After a nice bull run, analysts at Credit Suisse and Citigroup have recently cut their ratings on Cheniere Energy (LNG) from buy to neutral, while Goldman Sachs and Barclays still maintain a higher price target. I'll show my rationale for a neutral rating and discuss how I will play the "fair pricing" with options strangles. In my previous article on Cheniere, which is a good background to this discussion, I constructed a Monte-Carlo DCF model to quantify the risks of holding CQP units vs. LNG shares when the Sabine Pass facility is under- or over-subscribed. I also summarized the Sabine Pass Liquefaction project for those who need a refresher.
Corpus Christi Liquefaction Project
In addition to its Sabine Pass project (FERC-approved, financed, mostly subscribed, and under construction), Cheniere plans to build a three-train facility off the coast of Texas. Each of these trains of 4.5 mtpa are, presumably, identical to those being installed at Sabine Pass. They will utilize the same ConocoPhillips (COP) condenser technology, and engineering firm Bechtel will also be contracted to perform the construction. The first exports are targeted for 2018.
Only one long-term capacity deal has been signed so far. It's a 20-year 0.8 mtpa take-or-pay with Pertamina with a $3.5/MMbtu fixed fee, a slightly higher option premium than what Sabine Pass capacity was going for. The capex for this liquefaction project will be higher than for Sabine Pass, which was already equipped to accept LNG imports. This is all found in Cheniere's January 2014 corporate presentation, slides 10-12.
I'll use the same model as before to fully value LNG shares, including the Corpus Christi project's future cash flows. As with the previous study, I assume that the valuation of the Sabine Pass project, as expressed by CQP's current value, is fair. This will allow me to use the same discount factor for Corpus Christi. A few details: 1) Cheniere's guidance for the Corpus Christi capex is $800 per ton LNG capacity; 2) I'll assume that Cheniere Marketing's share of the Corpus Christi export capacity is 52 Tbtu/y, or half of the 104 Tbtu share of Sabine Pass; and 3) I will assume that long-term capacity deals will be at the same average fixed level as recent Sabine Pass deals, $3/MMbtu.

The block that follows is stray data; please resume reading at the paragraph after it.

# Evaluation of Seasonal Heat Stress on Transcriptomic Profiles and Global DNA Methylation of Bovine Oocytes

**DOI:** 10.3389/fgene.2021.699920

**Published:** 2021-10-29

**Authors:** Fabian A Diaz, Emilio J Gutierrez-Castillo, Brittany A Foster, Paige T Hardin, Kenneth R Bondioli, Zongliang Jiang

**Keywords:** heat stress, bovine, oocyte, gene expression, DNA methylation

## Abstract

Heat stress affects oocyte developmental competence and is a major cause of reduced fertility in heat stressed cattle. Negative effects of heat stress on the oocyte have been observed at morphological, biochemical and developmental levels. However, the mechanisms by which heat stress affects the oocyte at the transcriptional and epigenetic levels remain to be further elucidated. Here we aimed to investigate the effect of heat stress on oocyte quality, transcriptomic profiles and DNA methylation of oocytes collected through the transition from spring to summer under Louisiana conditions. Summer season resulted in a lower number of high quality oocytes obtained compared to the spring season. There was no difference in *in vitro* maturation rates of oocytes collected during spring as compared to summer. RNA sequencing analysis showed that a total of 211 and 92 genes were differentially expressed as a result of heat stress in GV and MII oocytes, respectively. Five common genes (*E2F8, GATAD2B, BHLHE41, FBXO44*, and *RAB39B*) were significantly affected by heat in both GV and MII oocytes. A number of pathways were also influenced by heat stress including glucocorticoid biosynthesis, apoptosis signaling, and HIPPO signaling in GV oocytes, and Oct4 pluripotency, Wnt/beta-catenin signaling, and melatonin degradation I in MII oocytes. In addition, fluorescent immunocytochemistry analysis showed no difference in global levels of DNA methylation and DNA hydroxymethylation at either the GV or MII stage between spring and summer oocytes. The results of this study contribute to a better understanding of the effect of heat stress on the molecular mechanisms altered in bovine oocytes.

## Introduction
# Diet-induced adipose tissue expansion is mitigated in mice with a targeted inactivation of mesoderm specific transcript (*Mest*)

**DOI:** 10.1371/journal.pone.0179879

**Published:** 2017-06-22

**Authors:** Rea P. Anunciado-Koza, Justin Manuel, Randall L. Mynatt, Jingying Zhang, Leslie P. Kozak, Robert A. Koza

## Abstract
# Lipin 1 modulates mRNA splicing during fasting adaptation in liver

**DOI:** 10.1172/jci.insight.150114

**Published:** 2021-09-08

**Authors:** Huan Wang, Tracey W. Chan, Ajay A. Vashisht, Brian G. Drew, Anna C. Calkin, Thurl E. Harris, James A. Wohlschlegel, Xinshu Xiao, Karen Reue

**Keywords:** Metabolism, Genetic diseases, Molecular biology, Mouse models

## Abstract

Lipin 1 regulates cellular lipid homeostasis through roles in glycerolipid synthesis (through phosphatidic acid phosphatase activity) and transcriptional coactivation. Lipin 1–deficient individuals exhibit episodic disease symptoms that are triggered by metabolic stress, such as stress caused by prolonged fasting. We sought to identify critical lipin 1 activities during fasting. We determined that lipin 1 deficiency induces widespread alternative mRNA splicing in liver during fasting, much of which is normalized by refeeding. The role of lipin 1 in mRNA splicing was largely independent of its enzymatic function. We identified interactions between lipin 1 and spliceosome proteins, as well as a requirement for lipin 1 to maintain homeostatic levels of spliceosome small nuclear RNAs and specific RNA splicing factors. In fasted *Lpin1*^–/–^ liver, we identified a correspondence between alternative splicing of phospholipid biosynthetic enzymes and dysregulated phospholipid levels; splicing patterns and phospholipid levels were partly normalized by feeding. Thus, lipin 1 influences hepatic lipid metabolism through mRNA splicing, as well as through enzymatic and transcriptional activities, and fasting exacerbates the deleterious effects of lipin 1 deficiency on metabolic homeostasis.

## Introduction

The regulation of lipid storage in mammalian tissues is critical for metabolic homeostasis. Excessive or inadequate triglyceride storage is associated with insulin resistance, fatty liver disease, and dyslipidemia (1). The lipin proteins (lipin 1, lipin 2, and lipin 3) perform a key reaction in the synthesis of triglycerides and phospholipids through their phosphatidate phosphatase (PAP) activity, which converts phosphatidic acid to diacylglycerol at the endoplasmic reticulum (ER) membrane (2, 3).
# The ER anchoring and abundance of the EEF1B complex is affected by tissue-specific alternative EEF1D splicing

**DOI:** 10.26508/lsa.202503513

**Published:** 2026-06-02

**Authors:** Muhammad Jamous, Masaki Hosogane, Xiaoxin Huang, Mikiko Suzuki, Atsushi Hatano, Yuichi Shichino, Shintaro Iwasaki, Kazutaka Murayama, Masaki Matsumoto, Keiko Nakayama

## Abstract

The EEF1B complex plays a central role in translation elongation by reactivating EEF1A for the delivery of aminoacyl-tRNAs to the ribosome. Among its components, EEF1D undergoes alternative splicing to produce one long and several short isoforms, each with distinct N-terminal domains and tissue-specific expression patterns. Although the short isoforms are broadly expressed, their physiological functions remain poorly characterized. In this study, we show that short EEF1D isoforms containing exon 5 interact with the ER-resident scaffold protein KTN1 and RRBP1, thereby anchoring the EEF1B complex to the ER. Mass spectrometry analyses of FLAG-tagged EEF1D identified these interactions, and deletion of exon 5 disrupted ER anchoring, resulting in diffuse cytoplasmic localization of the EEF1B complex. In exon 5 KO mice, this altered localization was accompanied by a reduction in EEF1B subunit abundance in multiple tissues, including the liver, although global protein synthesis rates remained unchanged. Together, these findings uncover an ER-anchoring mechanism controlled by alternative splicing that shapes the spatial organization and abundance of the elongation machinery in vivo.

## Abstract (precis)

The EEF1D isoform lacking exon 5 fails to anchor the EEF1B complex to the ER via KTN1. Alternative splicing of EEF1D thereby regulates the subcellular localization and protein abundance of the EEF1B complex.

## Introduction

From 10,000 possible price paths for Henry Hub gas and spot LNG, I get an average DCF of $10.5bn, or $47.90 per share plus or minus $6.00 per share (one standard deviation).
Click to enlarge images.
At the time of writing, LNG shares are trading at $46.20. I should point out that my valuation includes 100% confidence that financing will be obtained for Corpus Christi as well as FERC and DOE approval for non-FTA exports. In other words, this $47.90 theoretical value is on the optimistic side rather than the conservative side. Apart from Sabine Pass, Corpus Christi, and Cheniere Marketing, I don't foresee any other revenue streams. With the long line of other export applicants, we shouldn't expect that Cheniere can open export franchises all around the U.S. shoreline. This is it.
Since Dec. 6, after the share price topped $40, insiders have sold 1.5 million shares, which was roughly 5% of their combined position. Though it's understandable that the corporate officers would want to monetize their success and diversify their risk, we should wonder if they would be selling such volume now if they believed that the fair value is $70.
If the Price Is Fair, Then What?
When considering together the theoretical value of the current liquefaction projects, the lack of additional projects, the recent change of some analysts' view from bullish to neutral, and the selling activity of the insiders, it's likely that the price has reached an equilibrium in the mid-$40s and will be range-bound until some significant news hits the market. For investors who are long LNG shares and want to squeeze more out of their positions while waiting for dividends to arrive, I recommend selling out-of-the-money calls and puts.
The price action of the last few months has made the implied volatility of these options frothy. With my length already in place, I'm selling calls above $50 strike and selling puts below $40 strike with only three to four weeks until expiry. I like rolling from one nearby expiry to the next for collecting time value. (Please note: Being short gamma is not free money; it's always risky business and should be undertaken by those with options trading experience). This strategy generally works if you don't mind selling your position above $50 or adding to it below $40, which I don't. Currently, for selling a strangle that is two weeks from expiry, where theta is richest, I can make $50 per 100 options strangles. Per 100 shares of LNG (approximately $4,500 value), that's 1% of extra return if I'm not exercised in the next two weeks. But if I am exercised, I'm either adding to my length 10% below or selling my length 10% above my model valuation. Unless my primary assumptions have changed, I'm content with this as well.